Geoff Walters on his family's Port Curtis property
Geoff Walters on his family's Port Curtis property

Five generations of change for Port Curtis farmers

Geoff Walters has come out of semi-retirement to help his son on the family farm near the Woolwash on Port Curtis Road.

“I like my fishing but the boat pretty well lives under the house these days,” he said.

“I think I’m working harder now than I used to.”

Mr Walters was the fourth generation to farm at historic Port Curtis, just south of Rockhampton’s CBD.

At 66 years old, he can “almost just sort of” remember when sheep were grazed in the area and scoured in the lagoon there.

Passengers on the motor rail between Rockhampton and Brisbane used to stop and stretch their legs at a Port Curtis monument to the Tropic of Capricorn crossing
Passengers on the motor rail between Rockhampton and Brisbane used to stop and stretch their legs at a Port Curtis monument to the Tropic of Capricorn crossing

Outside his front gates is the brick shelter where people travelling on the rail motor would stop and stretch their legs at ‘the Tropic of Capricorn’.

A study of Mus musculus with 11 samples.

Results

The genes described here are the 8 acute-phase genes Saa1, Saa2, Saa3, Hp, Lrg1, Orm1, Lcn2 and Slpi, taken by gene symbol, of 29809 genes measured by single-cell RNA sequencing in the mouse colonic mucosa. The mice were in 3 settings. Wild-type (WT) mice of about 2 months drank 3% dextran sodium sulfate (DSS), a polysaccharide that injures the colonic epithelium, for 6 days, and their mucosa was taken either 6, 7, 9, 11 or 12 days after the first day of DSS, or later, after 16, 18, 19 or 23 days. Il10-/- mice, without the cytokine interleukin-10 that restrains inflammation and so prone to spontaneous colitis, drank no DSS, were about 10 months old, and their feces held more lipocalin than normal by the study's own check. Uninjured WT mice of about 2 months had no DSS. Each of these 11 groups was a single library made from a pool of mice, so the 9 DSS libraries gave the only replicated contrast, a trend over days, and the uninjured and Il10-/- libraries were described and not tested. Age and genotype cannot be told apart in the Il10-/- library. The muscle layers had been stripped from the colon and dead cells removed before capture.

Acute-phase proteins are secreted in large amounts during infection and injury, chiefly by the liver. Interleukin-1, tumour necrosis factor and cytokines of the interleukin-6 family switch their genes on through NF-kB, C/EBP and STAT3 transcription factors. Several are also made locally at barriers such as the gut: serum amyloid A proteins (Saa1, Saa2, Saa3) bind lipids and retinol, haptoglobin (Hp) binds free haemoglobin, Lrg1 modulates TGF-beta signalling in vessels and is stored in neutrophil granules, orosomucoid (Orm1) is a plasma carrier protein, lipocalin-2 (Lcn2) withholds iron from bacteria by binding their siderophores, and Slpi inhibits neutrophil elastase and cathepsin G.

(The actual tropic crossing was further up the road, just beyond where a concrete causeway lies today.)

His great-grandfather cleared their block to begin dairying which lasted up until the late 60s.

“Once they introduced bulk milk, he couldn’t provide the all weather access because it floods out here,” Mr Walters said.

“It was an end of an era so we moved onto something else.”

The family has run cattle on the property “since about 1968” and they also grow fodder and hay.

With the winter oats harvested, and the summer forage coming up in the next paddock over, Mr Walters has just finished baling some lucerne for sale.

Forage crops waiting for rain on Pt Curtis Road
Forage crops waiting for rain on Pt Curtis Road

“My grandfather always said to keep your shed full of hay and sell off once you’ve looked after your own needs,” he said.

“Some people are complaining about the prices of hay, that we’re capitalising on the dry conditions.

“Truth is, you’ve got to water two or three times a day to grow good hay, and the labour costs are incredible.”

He doesn’t consider the current drought to be anything out of the ordinary.

“My grandfather always said the next drought is just around the corner,” he said.

“Life on the land is tough and what makes it tougher is the big corporations coming in.”

Mr Walters raised three sons in the area, one of whom, a builder, has taken over the farm.

Another who lives locally is an electrician and his other son is a software engineer in Brisbane.

“So long as they’re happy, that’s what we worked for.”